The Senate Chief Whip, Senator, Ali Ndume, has expressed displeasure over the recent hike in electricity tariff, saying the timing was wrong.

News360 Info recalls that the Federal Government, through the Nigerian Electricity Regulatory Commission (NERC), on Wednesday approved a 300 per cent tariff increment for Band A consumers.

In a statement on Saturday, the Senator representing Borno South said the electricity hike is unfair to Nigerians, especially when many are grappling with many challenges.

According to Ndume, Nigerians are yet to recover from the removal of the fuel subsidy and are still facing unprecedented inflation, poor purchasing power, insecurity, and other daily expenditures.

The Senator called on the Federal Government to reconsider its position in the interest of Nigerians and focus on providing stable electricity first to Nigerians, reducing inflation, stabilising the naira, reducing food prices, and providing other basic amenities to Nigerians before increasing the tariff.

Ndume further questioned why such an important decision was taken without duly consulting the National Assembly, which represents the people.

He said: “The news of the increment came to me and many of my colleagues as a shock. It also came at a time when the National Assembly was on a break. I think the timing of this hike is very wrong. Nigerians are grappling with many challenges.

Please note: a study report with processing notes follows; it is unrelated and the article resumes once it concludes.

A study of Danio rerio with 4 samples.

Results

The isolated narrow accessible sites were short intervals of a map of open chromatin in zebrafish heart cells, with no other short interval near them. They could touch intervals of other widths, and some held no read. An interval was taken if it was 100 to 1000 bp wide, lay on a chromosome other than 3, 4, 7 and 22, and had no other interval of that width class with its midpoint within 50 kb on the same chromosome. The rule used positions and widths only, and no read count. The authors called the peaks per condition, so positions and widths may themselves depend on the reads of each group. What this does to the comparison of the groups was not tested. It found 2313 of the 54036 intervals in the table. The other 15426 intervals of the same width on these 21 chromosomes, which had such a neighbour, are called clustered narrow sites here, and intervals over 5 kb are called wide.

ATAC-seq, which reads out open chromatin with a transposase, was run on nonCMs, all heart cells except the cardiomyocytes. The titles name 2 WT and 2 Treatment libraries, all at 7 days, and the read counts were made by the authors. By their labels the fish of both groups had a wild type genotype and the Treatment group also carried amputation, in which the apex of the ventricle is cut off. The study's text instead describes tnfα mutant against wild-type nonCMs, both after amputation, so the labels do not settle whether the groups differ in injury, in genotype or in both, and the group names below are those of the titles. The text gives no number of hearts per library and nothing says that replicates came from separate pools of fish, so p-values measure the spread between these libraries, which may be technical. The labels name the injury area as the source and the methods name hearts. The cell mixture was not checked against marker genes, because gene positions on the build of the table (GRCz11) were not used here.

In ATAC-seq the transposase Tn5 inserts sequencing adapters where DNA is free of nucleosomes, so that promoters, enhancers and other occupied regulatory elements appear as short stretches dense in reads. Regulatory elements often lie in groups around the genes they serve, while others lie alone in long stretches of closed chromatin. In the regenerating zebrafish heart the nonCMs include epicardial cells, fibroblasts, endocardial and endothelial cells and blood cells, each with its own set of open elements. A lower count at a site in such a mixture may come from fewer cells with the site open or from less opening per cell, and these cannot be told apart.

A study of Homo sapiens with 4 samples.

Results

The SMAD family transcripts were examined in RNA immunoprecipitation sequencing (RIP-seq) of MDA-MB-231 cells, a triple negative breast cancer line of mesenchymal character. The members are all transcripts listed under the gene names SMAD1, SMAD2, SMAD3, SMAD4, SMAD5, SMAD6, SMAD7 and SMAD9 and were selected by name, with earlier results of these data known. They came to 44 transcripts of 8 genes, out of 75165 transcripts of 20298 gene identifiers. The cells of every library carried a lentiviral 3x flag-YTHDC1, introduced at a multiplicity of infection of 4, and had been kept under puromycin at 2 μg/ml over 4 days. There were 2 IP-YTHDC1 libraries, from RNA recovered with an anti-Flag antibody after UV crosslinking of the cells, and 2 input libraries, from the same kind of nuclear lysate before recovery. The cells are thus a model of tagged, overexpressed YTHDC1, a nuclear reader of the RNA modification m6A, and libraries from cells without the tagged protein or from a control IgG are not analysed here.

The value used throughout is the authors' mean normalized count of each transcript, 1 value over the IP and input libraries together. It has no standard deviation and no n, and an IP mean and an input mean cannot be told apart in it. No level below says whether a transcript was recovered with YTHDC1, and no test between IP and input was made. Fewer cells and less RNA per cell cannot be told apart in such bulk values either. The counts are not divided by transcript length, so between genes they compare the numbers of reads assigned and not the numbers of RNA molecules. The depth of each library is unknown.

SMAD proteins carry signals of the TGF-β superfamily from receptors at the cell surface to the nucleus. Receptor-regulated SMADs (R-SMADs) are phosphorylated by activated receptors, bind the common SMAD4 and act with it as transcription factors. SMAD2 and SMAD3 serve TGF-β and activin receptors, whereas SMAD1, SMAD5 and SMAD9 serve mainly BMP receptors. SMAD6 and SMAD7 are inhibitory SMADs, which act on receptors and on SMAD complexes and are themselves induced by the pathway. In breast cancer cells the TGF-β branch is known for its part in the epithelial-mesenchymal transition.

The inflation is still very high. The prices of food commodities, drugs, transportation, school fees, and other daily expenditures are still on the high side. To now add this new burden is unfair.

The minimum wage has not been increased. Many state governments are yet to even pay the current minimum wage of N30,000. How do we expect the people to survive? We’ve to be very realistic and feel the pulse of the people we represent as a government.

For me, I think the Federal Government should first of all provide stable electricity, reduce the inflation, stabilise the naira, and prices of food commodities. Then, the purchasing power of Nigerians must significantly improve before we can place a fresh responsibility on them as a government.

The federal government needs to allow the National Assembly to also step in and consult because we represent the people. We feel their pulse, and we know what they’re going through right now.”